NC State’s Definition of Diversity

How do we define diversity?

Diversity refers to an inclusive community of people with varied human characteristics, ideas and worldviews whose interactions both benefit and challenge each other to grow while making the community better.

Such a community will:

  • enhance access, attract and retain a diverse population and promote equity and equal opportunity;
  • encourage interaction among diverse people to enrich the educational experience, promote personal growth and enhance the community;
  • foster mutual respect, value differences and promote cross-cultural understanding;
  • prepare leaders to live and work in a competitive global community.

By definition, NC State is diverse because it is a community of individuals from varied backgrounds and demographic categories; it encourages, accepts and values a diversity of people and ideas; it seeks to promote an environment where equity, respect and understanding represent the norm in the campus climate; and, it seeks to prepare entrepreneurs who are effective citizens of a global community. We will know that we have achieved authentic diversity when all four of these objectives are fully realized.

How Diversity Benefits Everyone

In an opinion by Justice Sandra O’Connor (joined by Justices Stevens, Souter, Ginsburg and Breyer), the U.S. Supreme Court explicitly adopted Justice Powell’s view from Regents of the University of California v. Bakke (1978), finding that “student body diversity is a compelling state interest that can justify the use of race in university admissions.”

The Court found that the educational benefits of diversity “are not theoretical but real” and had been substantiated by the University of Michigan and its amice in supporting briefs. Those benefits included “cross-racial understanding” and the breaking down of racial stereotypes. The Supreme Court cited social science research showing that “student body diversity promotes learning outcomes, better prepares students for an increasingly diverse workforce and society and better prepares them as professionals.” It acknowledged that “major American businesses have made clear that the skills needed in today’s increasingly global marketplace can only be developed through exposure to widely diverse people, cultures, ideas and viewpoints,” and that high-ranking former military leaders have asserted that “a highly qualified, racially diverse officer corps” is essential to national security. The Court concluded that “effective participation by members of all racial and ethnic groups in the civic life of our nation is essential if the dream of one nation, indivisible, is to be realized.” (Jonathan R. Alger, University of Michigan, Ann Arbor, MI)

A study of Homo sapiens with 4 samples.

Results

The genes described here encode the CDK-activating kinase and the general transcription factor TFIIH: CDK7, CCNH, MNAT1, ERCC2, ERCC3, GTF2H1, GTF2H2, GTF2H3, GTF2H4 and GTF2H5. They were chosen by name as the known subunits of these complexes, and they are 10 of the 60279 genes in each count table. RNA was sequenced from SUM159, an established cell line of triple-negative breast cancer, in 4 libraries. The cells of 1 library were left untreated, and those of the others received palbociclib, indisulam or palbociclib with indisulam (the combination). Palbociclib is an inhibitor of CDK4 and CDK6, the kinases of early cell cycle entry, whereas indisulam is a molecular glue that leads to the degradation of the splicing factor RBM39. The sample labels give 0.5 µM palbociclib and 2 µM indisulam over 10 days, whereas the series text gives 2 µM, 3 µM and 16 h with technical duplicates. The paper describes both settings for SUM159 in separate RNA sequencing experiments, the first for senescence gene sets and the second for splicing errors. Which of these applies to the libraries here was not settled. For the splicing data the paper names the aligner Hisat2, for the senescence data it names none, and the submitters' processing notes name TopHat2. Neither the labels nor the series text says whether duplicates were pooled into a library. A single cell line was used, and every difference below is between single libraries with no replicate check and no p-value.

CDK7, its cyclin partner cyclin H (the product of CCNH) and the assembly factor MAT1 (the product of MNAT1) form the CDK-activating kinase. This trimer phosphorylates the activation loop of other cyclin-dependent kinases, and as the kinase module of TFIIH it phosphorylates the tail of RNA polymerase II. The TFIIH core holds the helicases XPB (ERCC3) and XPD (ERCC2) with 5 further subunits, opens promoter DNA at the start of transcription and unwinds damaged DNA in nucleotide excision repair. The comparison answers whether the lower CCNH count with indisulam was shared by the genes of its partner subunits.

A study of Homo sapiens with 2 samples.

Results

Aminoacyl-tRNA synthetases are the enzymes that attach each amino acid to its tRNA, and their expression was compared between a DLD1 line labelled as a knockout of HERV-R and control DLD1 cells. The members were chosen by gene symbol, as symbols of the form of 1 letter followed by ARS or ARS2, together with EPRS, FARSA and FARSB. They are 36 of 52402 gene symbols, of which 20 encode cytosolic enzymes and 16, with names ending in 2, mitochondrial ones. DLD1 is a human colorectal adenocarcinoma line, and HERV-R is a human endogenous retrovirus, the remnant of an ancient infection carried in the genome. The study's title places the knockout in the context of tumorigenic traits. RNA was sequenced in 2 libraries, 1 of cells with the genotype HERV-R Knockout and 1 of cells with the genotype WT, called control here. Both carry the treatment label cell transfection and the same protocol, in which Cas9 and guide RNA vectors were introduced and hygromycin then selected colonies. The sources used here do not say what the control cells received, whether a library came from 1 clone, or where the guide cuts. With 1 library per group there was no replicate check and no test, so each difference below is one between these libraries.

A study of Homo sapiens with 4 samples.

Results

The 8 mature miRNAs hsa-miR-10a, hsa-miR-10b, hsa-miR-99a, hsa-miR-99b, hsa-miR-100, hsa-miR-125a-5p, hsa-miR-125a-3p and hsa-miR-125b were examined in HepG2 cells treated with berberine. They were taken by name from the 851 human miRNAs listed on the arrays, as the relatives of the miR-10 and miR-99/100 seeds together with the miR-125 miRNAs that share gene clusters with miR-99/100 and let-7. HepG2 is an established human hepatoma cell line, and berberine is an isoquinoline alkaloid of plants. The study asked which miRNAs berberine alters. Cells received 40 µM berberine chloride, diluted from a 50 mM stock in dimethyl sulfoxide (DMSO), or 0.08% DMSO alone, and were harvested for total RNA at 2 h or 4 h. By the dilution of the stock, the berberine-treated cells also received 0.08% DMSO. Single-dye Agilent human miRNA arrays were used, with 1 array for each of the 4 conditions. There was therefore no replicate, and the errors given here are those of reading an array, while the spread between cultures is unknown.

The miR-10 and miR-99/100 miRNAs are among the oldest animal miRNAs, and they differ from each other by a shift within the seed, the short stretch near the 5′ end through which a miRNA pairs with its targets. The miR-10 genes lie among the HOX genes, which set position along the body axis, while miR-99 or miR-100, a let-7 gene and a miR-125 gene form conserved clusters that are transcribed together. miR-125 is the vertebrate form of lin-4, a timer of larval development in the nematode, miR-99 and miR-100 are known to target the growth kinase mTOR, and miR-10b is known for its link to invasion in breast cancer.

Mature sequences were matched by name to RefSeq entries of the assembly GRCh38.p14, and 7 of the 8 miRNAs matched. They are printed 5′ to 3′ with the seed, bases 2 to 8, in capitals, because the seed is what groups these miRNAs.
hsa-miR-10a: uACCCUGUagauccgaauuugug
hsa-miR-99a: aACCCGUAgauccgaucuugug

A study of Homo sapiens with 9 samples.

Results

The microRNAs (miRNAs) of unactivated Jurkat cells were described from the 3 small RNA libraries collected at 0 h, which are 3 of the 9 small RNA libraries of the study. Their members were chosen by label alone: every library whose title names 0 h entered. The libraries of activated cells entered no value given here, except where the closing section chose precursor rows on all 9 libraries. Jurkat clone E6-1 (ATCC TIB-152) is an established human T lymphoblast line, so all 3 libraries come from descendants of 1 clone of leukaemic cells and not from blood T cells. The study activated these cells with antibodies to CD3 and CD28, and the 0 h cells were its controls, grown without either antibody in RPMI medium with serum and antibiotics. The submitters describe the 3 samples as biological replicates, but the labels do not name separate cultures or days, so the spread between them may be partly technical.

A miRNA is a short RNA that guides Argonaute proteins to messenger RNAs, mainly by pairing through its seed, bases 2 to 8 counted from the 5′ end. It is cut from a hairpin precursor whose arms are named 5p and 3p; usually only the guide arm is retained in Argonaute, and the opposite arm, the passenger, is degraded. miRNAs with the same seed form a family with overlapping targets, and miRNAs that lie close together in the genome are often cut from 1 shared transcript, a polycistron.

History of Diversity at NC State

NC State University was founded as an all-white, all-male institution in 1887 and remained so until it was forced by the Civil Rights Movement, the courts and other events to admit non-white students. In 1953, NC State admitted its first African American graduate student, but it was not until 1956 that the first African American undergraduate students enrolled. For the next three decades, NC State was neither very accessible nor very hospitable to African American students.

Since the civil rights movement, NC State has made significant progress in the admission, retention and graduation of minority students. Today, NC State is among the nation’s leaders in the graduation of African American students with graduate degrees in mathematics, science, engineering and technology. Since 1993, NC State has been recognized as one of the 100 best colleges for African American students. NC State is now a campus where everyone is welcome.

  • See also Diversity on NC State University’s main home page.